July 26, 2021

Commodity Insight: Chinese buying made corn stocks tighter yet

The first column I penned for the month of May was entitled “A bull market always lets you in.” The title comes from an old saying about a bull market. It simply means that when a bull market unfolds, try not to buy strength. Be patient. History shows that more often than not a significant decline will unfold that is totally unexpected and allow patient bulls to probe the long side of the ledger.

The reason I posted that column was clearly stated when I wrote: “As you well know, I have been wildly bullish on grains since last fall, but now pulling my horns in a bit because it is May. I am usually uncomfortable being a bull in May. Some of my reasons for toning down my bullish fervor are based on facts, some on fiction and some on my gut feelings.”

As things turned out, May that just ended was one of the most bearish Mays in history for a host of markets. May, by any measure, was down and dirty and wildly bearish to say the least.

Allow me to look back on the month of May that has finally ended and show specifically how bearish it truly was. From the high to the low in May, here is how badly some markets were slam-dunked.

Corn prices fell $1.34 a bushel, wheat dropped $1.27 and soybeans took a hit to the tune of $1.78. Soybean meal dropped $76 a ton. The grains were simply pounded without mercy.

The grains were not alone flashing bright red ink. Bitcoin fell $29,775, dropping 50% in value. Lumber collapsed to the tune of $532. Silver was off $1.62, milk was hit to the tune of $253, crude oil took a $5.93 per barrel haircut and sugar fell 17 cents. The U.S. dollar fell 193 points, rounding out what was an incredibly negative month.

As you know, the weakness did not surprise me one bit. I wrote in the column above: “An old song from 1966 and performed most notably by Frank Sinatra is entitled ‘That’s Life.’ Here are a few ominous lines from that monster hit tune from years ago: ‘You’re riding high in April, shot down in May. But I know I’m gonna change that tune, when I’m back on top, back on top in June.’”

By the time you read this column, the month of June will have finally arrived and you can judge for yourself if the markets mentioned above are “back on top, back on top in June.”

In the final two trading sessions of May, the last days of this past week actually, grain prices came roaring back with higher prices. But does a few days of sharply higher prices with grains and other beat-up markets offset the bear trend that unfolded in early May?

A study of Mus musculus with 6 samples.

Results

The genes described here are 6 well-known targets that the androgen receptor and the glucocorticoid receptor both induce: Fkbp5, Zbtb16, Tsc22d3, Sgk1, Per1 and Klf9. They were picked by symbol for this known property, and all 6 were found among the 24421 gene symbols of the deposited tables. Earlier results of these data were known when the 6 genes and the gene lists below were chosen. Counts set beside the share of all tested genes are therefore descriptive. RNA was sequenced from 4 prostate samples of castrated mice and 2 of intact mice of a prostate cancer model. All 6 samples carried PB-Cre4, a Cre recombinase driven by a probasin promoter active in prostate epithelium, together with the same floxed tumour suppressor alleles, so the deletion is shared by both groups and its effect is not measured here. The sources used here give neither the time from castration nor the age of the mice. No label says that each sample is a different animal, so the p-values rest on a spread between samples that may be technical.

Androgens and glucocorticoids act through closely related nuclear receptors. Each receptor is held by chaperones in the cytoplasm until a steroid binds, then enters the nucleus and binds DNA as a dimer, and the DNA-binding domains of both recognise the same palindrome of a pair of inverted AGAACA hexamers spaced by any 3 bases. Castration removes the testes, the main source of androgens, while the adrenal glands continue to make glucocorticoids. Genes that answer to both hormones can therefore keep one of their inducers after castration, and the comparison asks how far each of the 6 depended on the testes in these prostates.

Will the strength seen at the end of May have the legs to run further in June? Only time will tell.

But again allow me to restate a few ideas I penned in my May 21 column entitled “Waiting patiently for June 15”: Most grain analysts focus on the weather the day before or the day after July 4 to decide whether to be bullish on grains or not. Such an analysis has been accurate from the years 2000 to 2020. However, my work relies on the years 1900 to 2020 and the key date is June 15, not July 4 — any signs of hot and dry weather on June 15 in the Corn Belt is a reliable signal suggesting Mother Nature is poised to cut grain yields and production.”

Here we are now, with grain prices rising sharply in the final days of May, suggesting that June may be bullish. And June may indeed be bullish as I expect it to be.

Then again I am waiting patiently for June 15 to arrive before popping champagne and putting on a party hat. History shows the key to a bull market for grains based on hot and dry weather is the forecast on or about June 15, not early June.

To restate from my May 21 column: “And that is precisely where I stand today when viewing razor-thin stocks of soybeans and corn coupled with robust and insatiable demand from China amid weather issues bubbling up in Brazil and in the United States. But, of course, the date at which I turn quite bullish and decide to press the long side of the grain complex is June 15. I am patiently waiting for that day to roll around before turning even more bullish on grains.”

In my view, the news that sparked higher grain prices this week was China stepping forward and buying more old crop U.S. corn. Before the purchase, corn and soybean ending supplies were razor thin.

This week, China made ending stocks of corn tighter yet. Now, the only shoe left to fall is the weather forecast for the Grain Belt come June 15.

And to track the corn market, and soybeans, go to commodityinsite.com.